A typical drive out to nature goes like this. You’ll start off on the car-packed freeway from your city or town. After a while, the freeway narrows down into a couple of lanes. And gradually, quietly, the road makes the transition into just a single lane. At the same time, the path to your destination loses its straightness and the road will appear to develop a mind of its own, winding through forests of solemn trees with majestic mountains rising out of the backdrop.
Soon, you’ll find yourself there. Our group of friends certainly did this past weekend in one of loveliest of places – Emerald Bay in Lake Tahoe. For those familiar with the area, images of snow and skis immediately cross the mind. But summertime in Tahoe is entirely different while still maintaining the beauty of the great outdoors. Most obviously the snow is gone. In its place appear green from the trees, freed from the powder, as well as wildlife, shrubbery, and a glowing sun. Did I mention how beautiful Tahoe is during the summer?
Our plan for the day was simple – hike the trail, enjoy the amazing scenery, and have a great time in good company. After parking on the side of the road, we hit Rubicon Trail without much delay. The hike itself was a pleasant 4.5 mile adventure passing through peaceful forests, opening up to amazing views of the lake, and finally ending along the shoreline of Emerald Bay. We made sure to take plenty of breaks for photos and even took a quick detour to see the Rubicon Point Lighthouse, which turned out to be a tiny wooden lighthouse built in 1919.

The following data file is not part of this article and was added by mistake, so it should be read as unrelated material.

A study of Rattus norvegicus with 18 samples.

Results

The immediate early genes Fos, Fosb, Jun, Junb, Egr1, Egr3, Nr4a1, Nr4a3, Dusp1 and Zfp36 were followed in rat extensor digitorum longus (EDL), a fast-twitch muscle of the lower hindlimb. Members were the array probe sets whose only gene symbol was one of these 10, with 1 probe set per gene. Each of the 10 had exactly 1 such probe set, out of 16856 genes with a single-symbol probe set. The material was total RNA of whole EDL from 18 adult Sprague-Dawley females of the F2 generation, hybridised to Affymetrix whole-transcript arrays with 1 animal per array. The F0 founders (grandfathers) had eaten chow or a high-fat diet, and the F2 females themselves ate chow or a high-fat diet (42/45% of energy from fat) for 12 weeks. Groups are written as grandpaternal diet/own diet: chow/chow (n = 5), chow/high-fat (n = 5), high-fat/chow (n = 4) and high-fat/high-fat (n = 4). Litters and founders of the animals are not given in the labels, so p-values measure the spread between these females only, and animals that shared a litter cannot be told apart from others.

After a quick sandwich lunch we were nearing our endpoint when we found ourselves practically next to the water. Seeing other people enjoying the lake on such a hot day, we knew we had to make a stop to enjoy it as well. With a quick and slightly-treacherous climb down some rocks, we were soon swimming in the ice-cold lake water. The area became our semi-private cove and we enjoyed it for all it was worth.
Feeling refreshed from our swim, we continued our trek and finally reached our end point, the southernmost point of Emerald Bay. We passed by a beach area filled with people sunbathing in the sand and jumping into water, took a quick ice cream break at the gift shop, and purchased tickets for a guided tour of the 38-room mansion Vikingsholm at the waterfront.
Vikingsholm was built in the 1920s by a wealthy widow who was fascinated by Scandinavian design. As we walked through the entrance of the giant house this fascination became immediately apparent. From carved dragon heads down to the last details of the locks, everything in the house evoked images of Norse royalty. The tour took us from the main portion of the mansion to the servant’s quarters and even included the original Dodge automobile on the property. It was captivating and I could appreciate the amount of effort and passion that went into building and maintaining this property.
We ended our day at one of the highest points of Emerald Bay, a steep two-mile climb to the parking lot. The grueling walk was worth it – the view was absolutely spellbinding. We could see everything that made Lake Tahoe such a beautiful place. The water was a shimmering, crystal-clear blue. Green coniferous trees stretched out as far as the eye could see. White motorboats looked like tiny creatures lazily floating on the water. And Fannette Island, the only island in Lake Tahoe, rested in the center of this stunning scene.
It was a truly amazing ending to a fun and adventure-filled day. We caught our rides and drove back to our rented house near Heavenly, enjoying the rest of the evening before heading back to the freeways leading to our cities and towns. And we knew that this past weekend was a special treat and the perfect break from the hecticness of our day-to-day lives.